The way you back up and restore information is about to change in a big way: here’s how


Two companies — one belonging to John and the other to Steven — both back up 10 terabytes of data. John’s company recovers its entire dataset often, perhaps due to ageing infrastructure or inefficient processes, but Steven’s company hardly ever recovers, and when it does, it only needs to recover one file. Yet John and Steven are paying the same amount for their backups. How is this fair?

A paradigm shift is underway in the backup and recovery industry as data volumes grow exponentially, companies become comfortable with cloud storage and CIOs realise that it may not be feasible to manage all this in-house.

According to a recent EMC report, the digital universe is doubling in size every two years and will multiply 10-fold between 2013 and 2020 – from 4.4 trillion gigabytes to 44 trillion gigabytes. While backup costs are halving every year, prices are not dropping fast enough to match this rate of data growth and recovery will soon become unaffordable for many organisations.

Self-provisioning versus hosting
Businesses are moving away from tape backup, which can be unreliable and expensive, and are more comfortable with storing their data in the cloud – especially as security improves.
As data volumes grow, it becomes challenging for businesses to manage their own backup and recovery requirements. The cost of infrastructure, skills, maintenance and storage can be exorbitant, while the task itself diverts attention from the core business.

Service providers, on the other hand, are experienced in maintaining and supporting backup infrastructure. They can assist organisations with implementing the required technology and provide them with the tools they need to manage their backups.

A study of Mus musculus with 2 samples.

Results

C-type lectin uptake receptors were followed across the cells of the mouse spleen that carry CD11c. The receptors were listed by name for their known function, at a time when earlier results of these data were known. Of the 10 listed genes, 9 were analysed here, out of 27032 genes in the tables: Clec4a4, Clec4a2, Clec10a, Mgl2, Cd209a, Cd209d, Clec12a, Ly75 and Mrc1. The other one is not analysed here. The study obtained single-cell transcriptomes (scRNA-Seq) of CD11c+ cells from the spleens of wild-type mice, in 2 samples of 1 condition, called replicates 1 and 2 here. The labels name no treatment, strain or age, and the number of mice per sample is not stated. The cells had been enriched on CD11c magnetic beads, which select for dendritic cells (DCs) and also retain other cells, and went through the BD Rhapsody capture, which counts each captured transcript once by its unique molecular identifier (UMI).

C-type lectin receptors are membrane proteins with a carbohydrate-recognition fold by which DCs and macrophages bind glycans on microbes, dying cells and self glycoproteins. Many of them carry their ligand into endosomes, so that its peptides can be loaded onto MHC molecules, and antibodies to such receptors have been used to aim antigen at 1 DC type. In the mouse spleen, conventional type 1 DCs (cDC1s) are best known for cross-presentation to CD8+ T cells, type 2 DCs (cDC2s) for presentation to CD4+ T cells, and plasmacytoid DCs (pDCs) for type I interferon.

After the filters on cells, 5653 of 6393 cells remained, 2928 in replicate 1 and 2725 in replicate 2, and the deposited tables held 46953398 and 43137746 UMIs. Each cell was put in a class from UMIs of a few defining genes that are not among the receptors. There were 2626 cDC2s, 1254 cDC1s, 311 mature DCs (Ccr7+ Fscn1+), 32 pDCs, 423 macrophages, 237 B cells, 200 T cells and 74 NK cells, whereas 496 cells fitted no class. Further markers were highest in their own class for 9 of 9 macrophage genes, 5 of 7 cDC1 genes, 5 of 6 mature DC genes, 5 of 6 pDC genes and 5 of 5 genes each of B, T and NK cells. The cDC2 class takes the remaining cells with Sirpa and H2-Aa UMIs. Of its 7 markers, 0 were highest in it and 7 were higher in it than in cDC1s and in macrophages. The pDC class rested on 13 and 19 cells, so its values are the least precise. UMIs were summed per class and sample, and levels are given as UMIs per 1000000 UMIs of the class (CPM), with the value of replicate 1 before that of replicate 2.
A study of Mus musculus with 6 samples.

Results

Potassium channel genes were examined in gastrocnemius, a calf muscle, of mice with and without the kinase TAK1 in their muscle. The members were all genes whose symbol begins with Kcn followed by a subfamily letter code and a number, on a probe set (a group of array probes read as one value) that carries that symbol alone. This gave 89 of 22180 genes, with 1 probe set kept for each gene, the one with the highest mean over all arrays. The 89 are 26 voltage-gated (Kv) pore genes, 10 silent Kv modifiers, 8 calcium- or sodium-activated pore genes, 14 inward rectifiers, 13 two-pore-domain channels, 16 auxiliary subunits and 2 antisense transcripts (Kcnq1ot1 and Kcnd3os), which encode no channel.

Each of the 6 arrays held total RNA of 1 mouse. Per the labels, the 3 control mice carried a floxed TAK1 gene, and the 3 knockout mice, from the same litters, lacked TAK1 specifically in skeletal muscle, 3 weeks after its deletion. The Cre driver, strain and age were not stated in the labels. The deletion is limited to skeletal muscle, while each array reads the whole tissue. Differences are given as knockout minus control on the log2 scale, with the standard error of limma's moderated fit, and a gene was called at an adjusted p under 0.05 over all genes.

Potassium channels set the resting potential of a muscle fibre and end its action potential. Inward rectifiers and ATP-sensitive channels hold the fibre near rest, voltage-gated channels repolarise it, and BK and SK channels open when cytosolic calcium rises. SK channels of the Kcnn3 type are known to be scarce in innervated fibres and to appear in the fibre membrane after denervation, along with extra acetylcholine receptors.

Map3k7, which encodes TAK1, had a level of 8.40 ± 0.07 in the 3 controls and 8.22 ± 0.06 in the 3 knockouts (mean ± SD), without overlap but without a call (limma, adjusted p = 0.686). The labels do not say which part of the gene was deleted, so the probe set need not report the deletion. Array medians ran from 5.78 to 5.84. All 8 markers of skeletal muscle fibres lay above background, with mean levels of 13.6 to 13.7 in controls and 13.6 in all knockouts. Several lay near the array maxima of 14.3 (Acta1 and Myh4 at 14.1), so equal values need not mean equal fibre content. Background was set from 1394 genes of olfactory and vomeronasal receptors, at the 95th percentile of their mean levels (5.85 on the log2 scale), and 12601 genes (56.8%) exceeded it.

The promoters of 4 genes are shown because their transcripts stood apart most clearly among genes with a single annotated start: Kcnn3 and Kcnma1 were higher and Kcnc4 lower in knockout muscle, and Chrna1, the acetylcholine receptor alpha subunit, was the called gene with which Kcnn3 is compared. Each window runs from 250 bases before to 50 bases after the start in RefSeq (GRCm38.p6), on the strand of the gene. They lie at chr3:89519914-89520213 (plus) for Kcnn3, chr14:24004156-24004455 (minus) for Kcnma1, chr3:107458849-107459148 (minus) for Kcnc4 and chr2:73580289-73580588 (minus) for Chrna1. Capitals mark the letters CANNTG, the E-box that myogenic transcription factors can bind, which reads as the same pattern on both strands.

Organisations can also leverage the economy of scale offered by service providers who have access to massive storage vaults and can provision space in their data centres at lower cost – and more securely – than if the client were to manage that themselves.

While it may be relatively easy to back up data, the real value lies in the ability to restore lost or compromised data in an environment that it can actually be used – and within agreed upon timeframes. A bank, for example, cannot afford to be offline for much longer than 10 minutes, nor can it afford to lose a single transaction.

Evolving pricing paradigms
This service comes at an ever-increasing premium.

Current backup and recovery pricing models charge based on the amount of data that needs to be protected, increasing with every additional gigabyte of data that needs to be stored. Growing data volumes make this model unsustainable as it will drive pricing beyond available budgets, especially as vendors such as Microsoft move more of their services into the cloud.

Technology has enabled fairer pricing models, such as the Recovery Licence Model (RLM), which re-focuses on the amount of data recovered rather than that which is backed up. This means users can protect an unlimited amount of data without pricing penalties. Instead, they pay based on the data that is important enough to recover in the event of disaster.

By using the Recovery Licence Model, Steven can save up to 70% on his existing backup costs. He can essentially decide his own recovery costs, giving him more control even as organisation data accelerates.
It also makes business and financial sense when one considers that most companies recover less than 10% of their data annually.

Bottom line: If they recover less, they pay less and costs stay low even as data volumes rise.

With some players predicting an explosion of Internet-connected devices over the coming years – and the resulting data they will produce – businesses will need to review their backup and recovery options, especially if they need to do more with less.